Top 10 Golborne Road and Notting Hill New Restaurants
Honouring Palestinian produce and using British seasonal ingredients, at akub, restaurateur and chef Fadi Kattan offers modern Palestinian cooking in a contemporary setting. Décor and touches are a nod to the landscape of Palestine; there’s a glass-covered courtyard that’s filled with olive trees and jasmine, and the colours used throughout include oranges, sand and earth tones, and olive green. For menu highlights there’s natural wines and a Dead Sea chocolate cake.
Already gaining quite a reputation for good times, this is a great addition to Golborne Road. Spread over two floors, pull up a stool at the ground floor bar for small plates and wine, or go downstairs and dine / catch a DJ; check their website to see who’s playing / what’s on.
Straight out of Argentina, De Nadas is bringing the sunshine to Golborne Road – literally. With a yellow sherbet coloured exterior and upbeat music inside, this place radiates positive vibes. They have 15 different flavours of empanadas – including ingredients like smoked malbec, spicy lamb, blue cheese and pear – that use Argentinian dough and are baked (not fried). They have a private vinyl room for tastings, and London’s largest selection of malbecs.
There are lockdown winners, and then there’s Chris D’Souza, founder of The Notting Hill Fish + Meat Shop and The Supermarket of Dreams. The Notting Hill Fish Shop became a daily destination for people during lockdown – a stylish, friendly space, with familiar faces and great service – to buy the best fish and other deli bits. He’s now expanded the space, opened the Supermarket of Dreams (and Greens) and his latest venue, Dorian, is already a hit, too. It’s a classic bistro in style, with bar dining and a wood grill scent that hits you immediately when you walk in: this is exactly where you want to spend an afternoon or evening. With Max Coen (ex Kitchen Table and Ikoyi) at the helm, there’s a short menu of dishes that are excellently executed, and the maître d’ makes you feel like you’re somewhere special from the moment you pass through the door.
An all-day restaurant, Kuro serves small plates with clean flavours. Chef Andrianos Poulis is Greek, and takes inspiration from his Mediterranean heritage for dishes, with a particular fondness for fish. The venue is white and wood, and they have plans to turn the Kuro Kiosk (magazine store) into a bakery soon.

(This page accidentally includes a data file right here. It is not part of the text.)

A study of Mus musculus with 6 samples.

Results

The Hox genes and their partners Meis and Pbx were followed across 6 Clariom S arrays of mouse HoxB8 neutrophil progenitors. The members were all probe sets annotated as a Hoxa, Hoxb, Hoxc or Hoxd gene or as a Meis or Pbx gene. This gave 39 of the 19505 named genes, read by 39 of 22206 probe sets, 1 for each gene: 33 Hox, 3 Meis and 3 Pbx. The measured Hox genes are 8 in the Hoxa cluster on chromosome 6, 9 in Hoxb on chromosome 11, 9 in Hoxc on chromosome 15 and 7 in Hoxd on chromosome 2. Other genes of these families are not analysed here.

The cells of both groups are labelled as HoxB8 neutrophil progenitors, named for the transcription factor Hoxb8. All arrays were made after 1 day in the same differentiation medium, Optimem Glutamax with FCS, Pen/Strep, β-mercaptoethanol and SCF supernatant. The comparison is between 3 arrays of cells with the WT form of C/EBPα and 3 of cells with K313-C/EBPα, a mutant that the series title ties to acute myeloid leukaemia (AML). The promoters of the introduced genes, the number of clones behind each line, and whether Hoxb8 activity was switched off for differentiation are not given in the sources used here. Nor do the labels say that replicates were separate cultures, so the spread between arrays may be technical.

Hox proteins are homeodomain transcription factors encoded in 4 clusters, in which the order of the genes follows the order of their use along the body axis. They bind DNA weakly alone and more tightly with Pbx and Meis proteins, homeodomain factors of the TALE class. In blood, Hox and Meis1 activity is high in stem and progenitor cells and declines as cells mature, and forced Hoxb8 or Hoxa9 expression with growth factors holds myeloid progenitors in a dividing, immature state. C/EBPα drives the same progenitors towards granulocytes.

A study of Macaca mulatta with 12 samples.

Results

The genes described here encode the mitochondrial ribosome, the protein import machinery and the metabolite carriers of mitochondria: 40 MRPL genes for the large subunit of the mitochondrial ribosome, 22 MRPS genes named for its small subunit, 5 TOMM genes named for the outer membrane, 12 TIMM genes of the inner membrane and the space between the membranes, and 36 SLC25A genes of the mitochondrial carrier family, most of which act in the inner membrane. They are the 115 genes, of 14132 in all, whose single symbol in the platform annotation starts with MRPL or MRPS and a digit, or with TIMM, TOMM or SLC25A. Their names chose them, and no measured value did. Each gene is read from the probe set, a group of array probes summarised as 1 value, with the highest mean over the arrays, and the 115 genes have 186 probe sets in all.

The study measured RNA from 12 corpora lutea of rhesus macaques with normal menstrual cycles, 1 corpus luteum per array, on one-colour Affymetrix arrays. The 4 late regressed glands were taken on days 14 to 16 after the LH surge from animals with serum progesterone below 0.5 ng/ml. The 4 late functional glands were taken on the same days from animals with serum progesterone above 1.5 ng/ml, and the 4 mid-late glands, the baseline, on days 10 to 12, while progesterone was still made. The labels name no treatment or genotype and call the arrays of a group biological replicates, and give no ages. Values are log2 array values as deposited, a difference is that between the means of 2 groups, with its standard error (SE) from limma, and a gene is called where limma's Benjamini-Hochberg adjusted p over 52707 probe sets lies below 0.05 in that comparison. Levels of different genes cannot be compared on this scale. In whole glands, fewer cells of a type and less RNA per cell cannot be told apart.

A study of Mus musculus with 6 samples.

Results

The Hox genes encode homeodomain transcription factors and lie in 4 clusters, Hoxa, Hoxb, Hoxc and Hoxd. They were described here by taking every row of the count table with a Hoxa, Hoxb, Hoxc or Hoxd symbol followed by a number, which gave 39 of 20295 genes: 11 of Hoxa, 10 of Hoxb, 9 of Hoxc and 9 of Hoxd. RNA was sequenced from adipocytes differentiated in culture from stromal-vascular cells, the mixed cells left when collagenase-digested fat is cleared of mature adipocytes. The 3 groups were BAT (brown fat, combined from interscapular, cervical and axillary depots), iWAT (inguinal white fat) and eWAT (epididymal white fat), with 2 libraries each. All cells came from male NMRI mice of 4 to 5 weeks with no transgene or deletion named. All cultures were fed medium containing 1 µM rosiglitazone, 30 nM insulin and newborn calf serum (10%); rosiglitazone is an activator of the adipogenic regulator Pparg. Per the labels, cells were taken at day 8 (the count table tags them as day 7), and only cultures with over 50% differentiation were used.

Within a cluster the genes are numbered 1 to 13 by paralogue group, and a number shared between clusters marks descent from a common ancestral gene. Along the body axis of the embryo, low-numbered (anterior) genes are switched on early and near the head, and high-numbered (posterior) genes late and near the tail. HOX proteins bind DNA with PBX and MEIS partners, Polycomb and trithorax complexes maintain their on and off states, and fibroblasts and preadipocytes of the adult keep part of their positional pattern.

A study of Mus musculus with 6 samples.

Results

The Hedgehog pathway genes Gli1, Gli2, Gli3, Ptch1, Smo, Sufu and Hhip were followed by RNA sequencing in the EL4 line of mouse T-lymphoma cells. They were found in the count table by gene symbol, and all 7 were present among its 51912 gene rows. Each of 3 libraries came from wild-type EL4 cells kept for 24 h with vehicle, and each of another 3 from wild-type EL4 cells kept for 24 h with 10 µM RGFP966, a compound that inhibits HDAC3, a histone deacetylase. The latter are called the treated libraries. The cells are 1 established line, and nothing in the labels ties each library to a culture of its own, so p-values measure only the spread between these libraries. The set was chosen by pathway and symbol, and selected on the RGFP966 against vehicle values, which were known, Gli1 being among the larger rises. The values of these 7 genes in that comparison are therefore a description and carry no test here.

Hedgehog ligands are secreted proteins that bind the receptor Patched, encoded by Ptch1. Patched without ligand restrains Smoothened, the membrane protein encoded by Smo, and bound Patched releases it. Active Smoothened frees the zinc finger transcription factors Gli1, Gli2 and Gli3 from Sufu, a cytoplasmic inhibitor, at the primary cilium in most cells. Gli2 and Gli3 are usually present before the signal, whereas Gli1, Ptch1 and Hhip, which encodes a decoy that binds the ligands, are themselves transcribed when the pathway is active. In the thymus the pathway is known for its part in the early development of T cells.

One of the biggest launches in London this year, Miznon, from Tel Aviv but already in cities across the globe, first opened on Broadwick Street in Soho, and now has a second location on Elgin Crescent. Offering an energetic atmosphere with – some say – the best hummus and falafel around, this is a fun, delicious spot.
Another lockdown winner. One of its founders had spent the last 12 years operating the much-loved Fat Radish in NYC. During lockdown he came back and teamed up with the founder of Notting Hill’s 7 Saints restaurant (also on All Saints Road) to quietly launch The Pelican to instant praise. They sympathetically restored the well-known venue – pared-back woods, floor-to-ceiling windows and soft lit candles – and have an updated British menu with highlights like monkfish and lobster pie. The curbside seating outside is new and always busy, and reservations are necessary on most nights. The Pelican seems to be a ‘real’ local – a pub for families and friends in the area, but also drawing well-known ‘names’ and people from all parts of London.
This small but perfectly formed restaurant is exactly what a neighbourhood local should be. It’s bustling with flattering lighting, serving a constantly evolving menu of ‘food you want to eat’ from a chef that’s worked in some of London’s finest restaurants – The Dorchester, Heston Blumenthal’s Diner and the Michelin-starred Elystan Street – with a committed following for his wild cooking recipes and videos. Using only seasonal produce, there’s a central, visible Gozney oven used to fire out flatbreads to start, and then it’s interesting small plates after that.
This place was so good, they had to buy the restaurant next door. Recently expanded, Sumi is the more casual restaurant from acclaimed sushi chef, Endo Kazutoshi, of Endo at the Rotunda fame. The décor is Scandi-Japanese, all beech wood and light, the menu is short and authentic, the ingredients are the freshest and seasonal.
From the Pachamama Group, Zēphyr is a new Greek-Med restaurant and late-night agave bar on Portobello. Upstairs it’s light and feels stylish but relaxed, serving a menu that’s divided by soil, sea, land; during the day, the doors open to let the vibrancy of the area in. Downstairs – called Naked and Famous – is a louche, ‘70s lounge, with pink velvet and low lighting. They have a great selection of tequilas and the bar manager knows his drinks.